The Many Household Uses of Olive Oil

Olive oil (even the non-virgin kind) is absurdly handy all around the house. Here are a few uses you may not have thought of.

Ever thought much about olive oil? Probably not, except as an adjunct to cooking. And it’s darn good for that; but as with so many other things, it’s good for much more, too. In this article, we thought we’d show you a few more uses for this most princely of vegetable oils.

Who Knew?

You may not realize it, but olives right off the tree are so bitter they’re inedible. Given the amount of time and trouble it takes to process them, it’s a miracle that anyone ever tried to make them edible. But then again, human beings do tend to try to eat everything at one point or another.

That said, the first person in prehistory to squeeze oil out of an olive was pretty much a genius. It’s one thing to eat an olive; it’s another to realize that its slightly acidic juice can be an insanely useful product.

Unsung olive squeezer, we salute you!

Getting On With It…

Believe it or not, this unique cooking oil is great for removing paint from skin and hair. It’s not as good as turpentine or gasoline, but who wants to douse themselves in a flammable toxin anyway? The juice of the olive is 100% organic, so it’s much safer for you and the environment.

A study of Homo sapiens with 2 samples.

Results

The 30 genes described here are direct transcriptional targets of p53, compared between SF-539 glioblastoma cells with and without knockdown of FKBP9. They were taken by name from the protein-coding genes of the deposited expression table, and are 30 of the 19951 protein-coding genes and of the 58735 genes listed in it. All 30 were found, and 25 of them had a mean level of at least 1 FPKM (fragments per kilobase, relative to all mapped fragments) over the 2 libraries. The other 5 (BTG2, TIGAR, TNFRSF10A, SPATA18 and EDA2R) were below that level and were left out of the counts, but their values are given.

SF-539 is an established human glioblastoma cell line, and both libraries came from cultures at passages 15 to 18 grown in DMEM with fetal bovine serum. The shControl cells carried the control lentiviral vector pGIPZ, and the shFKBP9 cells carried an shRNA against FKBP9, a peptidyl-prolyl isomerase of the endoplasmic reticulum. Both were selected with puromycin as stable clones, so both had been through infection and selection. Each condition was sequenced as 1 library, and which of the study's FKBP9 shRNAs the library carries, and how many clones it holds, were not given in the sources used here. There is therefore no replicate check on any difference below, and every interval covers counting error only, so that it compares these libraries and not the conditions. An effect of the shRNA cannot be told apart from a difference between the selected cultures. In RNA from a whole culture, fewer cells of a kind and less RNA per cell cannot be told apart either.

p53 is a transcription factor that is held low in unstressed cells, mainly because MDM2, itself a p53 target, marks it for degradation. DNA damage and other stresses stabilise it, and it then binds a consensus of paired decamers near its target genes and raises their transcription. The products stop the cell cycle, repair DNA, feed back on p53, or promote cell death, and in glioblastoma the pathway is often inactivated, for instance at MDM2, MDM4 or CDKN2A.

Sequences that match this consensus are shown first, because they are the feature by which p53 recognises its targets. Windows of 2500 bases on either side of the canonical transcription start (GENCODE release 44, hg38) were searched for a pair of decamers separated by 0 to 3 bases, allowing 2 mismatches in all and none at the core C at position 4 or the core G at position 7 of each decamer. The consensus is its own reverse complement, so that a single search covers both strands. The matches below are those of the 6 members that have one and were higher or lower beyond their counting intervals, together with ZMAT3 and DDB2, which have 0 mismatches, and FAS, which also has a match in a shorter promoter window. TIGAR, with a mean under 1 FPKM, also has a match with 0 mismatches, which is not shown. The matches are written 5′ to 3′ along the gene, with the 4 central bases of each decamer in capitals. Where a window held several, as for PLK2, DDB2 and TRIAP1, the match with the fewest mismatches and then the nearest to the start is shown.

It’s also good for personal use: you can shave with it, use it as bath oil, and it makes a good do-it-yourself lip balm when mixed 1:1 with melted beeswax. Some folks use it as a moisturizer for their cuticles and fingernails, too.

And if you want to control the frizzies, just comb a little through your dry hair. (This is ideal if you have naturally flyaway hair, or hair that’s all staticky because it’s cold and dry out.) And since it’s good for handling paint, it should be no surprise that you can use olive oil to remove makeup, too.

Other Than You

You can use this wonder oil to do just about anything you’d normally use petroleum-based oils for, though we’d recommend that you don’t put any in your car’s crankcase. Here are a just a few things you can use it for:

• Loosening stuck zippers
• Oiling squeaky door hinges
• Lubricating cups and spoons
• Shining brass and stainless steel
• Protecting garden tools from rust and dirt buildup
• Polishing wood
• Polishing your shoes
• Conditioning leather
• Preventing hairballs in cats

Getting back to the kitchen, if you rub it into your wooden cutting boards, it’ll help repel stains and prevent cracking. Not bad, eh?

By the way: leave your EVOO for cooking, because it’s too expensive for these uses. Cheap low-quality olive oil will work just fine.